One of NAWT’s main roles is running a community rescue and rehoming service for domestic pets in six centres across the south of England.
In practice this involves taking in animals from a variety of places – sometimes strays from dog wardens or neighbours, other times beloved family pets who have been handed over due to a change in circumstances – and help them find a loving new home.
1. We place animal welfare at the heart of everything we do
Ahead of World Mental Health Day, we want to discuss how pets can all improve our daily mental health.
It has been revealed that pets can help us with a lot of mental illness including depression, anxiety, Alzheimer’s and ADHD*.
According to research carried out by the Mental Health Foundation, 87 per cent of people who own a cat felt it had a positive impact on their wellbeing, while 76 per cent said they could cope with everyday life much better thanks to the company of their feline friends.
So what can our pets actually help us with?
Could you foster a rescue animal?
Here at the NAWT we have lots of pets struggling to cope in the kennel or cattery environment.
Initially if a dog or cat finds their new home with us too difficult, we will appeal internally to volunteers and staff to see if they can provide them a stable home for a few months, however this isn’t always possible.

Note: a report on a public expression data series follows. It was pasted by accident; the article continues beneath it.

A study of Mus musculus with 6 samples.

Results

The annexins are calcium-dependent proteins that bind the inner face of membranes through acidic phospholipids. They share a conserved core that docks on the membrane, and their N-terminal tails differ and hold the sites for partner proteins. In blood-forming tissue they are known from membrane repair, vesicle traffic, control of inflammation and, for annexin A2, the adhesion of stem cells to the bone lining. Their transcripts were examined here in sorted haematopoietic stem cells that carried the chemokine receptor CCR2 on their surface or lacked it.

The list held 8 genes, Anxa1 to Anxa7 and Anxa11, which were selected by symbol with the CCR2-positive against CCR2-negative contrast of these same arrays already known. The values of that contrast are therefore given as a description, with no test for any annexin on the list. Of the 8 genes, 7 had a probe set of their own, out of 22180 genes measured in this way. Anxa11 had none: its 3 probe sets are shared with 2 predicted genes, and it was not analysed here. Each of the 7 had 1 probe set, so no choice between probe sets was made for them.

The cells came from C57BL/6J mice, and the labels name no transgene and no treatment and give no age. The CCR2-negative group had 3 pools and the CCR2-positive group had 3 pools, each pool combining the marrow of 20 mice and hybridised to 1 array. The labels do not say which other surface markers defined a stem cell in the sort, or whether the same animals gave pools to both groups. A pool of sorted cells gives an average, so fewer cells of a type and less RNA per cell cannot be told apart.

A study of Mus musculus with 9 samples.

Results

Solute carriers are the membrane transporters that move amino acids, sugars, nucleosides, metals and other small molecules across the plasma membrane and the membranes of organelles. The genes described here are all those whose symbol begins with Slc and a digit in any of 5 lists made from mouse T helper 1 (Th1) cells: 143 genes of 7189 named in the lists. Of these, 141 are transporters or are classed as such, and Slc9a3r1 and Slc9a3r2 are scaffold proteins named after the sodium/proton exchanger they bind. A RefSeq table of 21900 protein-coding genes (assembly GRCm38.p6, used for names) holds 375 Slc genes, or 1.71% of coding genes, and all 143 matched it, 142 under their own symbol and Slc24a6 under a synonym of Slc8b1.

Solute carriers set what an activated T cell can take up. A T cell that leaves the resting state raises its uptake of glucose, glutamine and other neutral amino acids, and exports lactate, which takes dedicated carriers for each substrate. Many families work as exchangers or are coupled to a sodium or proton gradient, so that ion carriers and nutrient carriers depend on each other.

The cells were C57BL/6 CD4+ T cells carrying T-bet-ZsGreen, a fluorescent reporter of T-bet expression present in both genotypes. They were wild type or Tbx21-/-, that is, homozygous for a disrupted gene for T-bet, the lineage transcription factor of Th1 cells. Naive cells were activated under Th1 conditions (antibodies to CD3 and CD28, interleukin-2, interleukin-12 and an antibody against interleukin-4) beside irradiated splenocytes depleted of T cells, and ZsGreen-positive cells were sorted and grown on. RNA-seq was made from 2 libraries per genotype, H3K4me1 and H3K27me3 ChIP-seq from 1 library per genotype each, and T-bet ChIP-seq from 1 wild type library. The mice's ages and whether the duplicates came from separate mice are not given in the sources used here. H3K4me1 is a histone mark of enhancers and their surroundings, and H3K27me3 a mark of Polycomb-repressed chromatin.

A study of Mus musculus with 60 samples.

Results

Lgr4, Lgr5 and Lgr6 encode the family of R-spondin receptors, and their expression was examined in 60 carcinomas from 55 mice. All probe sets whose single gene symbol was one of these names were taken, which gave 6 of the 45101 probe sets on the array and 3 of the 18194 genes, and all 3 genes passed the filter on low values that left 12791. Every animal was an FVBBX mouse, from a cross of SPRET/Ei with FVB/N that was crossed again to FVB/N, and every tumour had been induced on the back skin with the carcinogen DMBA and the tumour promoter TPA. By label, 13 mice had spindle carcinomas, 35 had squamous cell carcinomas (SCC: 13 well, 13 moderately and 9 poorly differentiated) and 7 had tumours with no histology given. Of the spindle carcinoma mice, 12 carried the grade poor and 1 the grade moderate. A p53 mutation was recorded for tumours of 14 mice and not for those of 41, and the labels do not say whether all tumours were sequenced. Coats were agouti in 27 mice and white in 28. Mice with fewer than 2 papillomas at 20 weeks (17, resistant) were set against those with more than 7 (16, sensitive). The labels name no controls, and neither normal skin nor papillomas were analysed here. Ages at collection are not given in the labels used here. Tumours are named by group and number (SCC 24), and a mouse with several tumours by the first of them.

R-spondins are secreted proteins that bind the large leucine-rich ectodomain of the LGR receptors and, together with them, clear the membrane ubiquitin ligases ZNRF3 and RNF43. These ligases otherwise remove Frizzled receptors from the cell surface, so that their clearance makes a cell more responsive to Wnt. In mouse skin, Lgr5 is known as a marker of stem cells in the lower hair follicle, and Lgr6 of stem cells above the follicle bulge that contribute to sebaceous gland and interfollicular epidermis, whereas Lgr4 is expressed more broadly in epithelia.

Thankfully when two nine-week-old Collie pups came into the care of our Somerset centre, two dedicated volunteers took them into their homes and fostered them.
Answer: much more expensive than you might think…
This was certainly the case for animal-lover and experienced dog owner Sarah, when a friend called upon her for help.
The friend had just purchased a Teacup Yorkshire Terrier puppy - advertised on the internet - and unfortunately realised three days later that her family simply wasn’t prepared for the addition of a dog, so she asked Sarah to take the puppy in.
An owner’s heartache, a breeder’s profit, and a puppy’s fight to live.
One of the most frightening things about puppy farming is that it is an organised crime. The unscrupulous breeders running these farms are master manipulators and therefore it isn’t always easy to spot one.
By now, most of us know that it is important to visit the puppies at the breeder’s home, to ask to see the pup’s mum and littermates, and to check that both parents have been health screened for hereditary conditions relevant to their breed.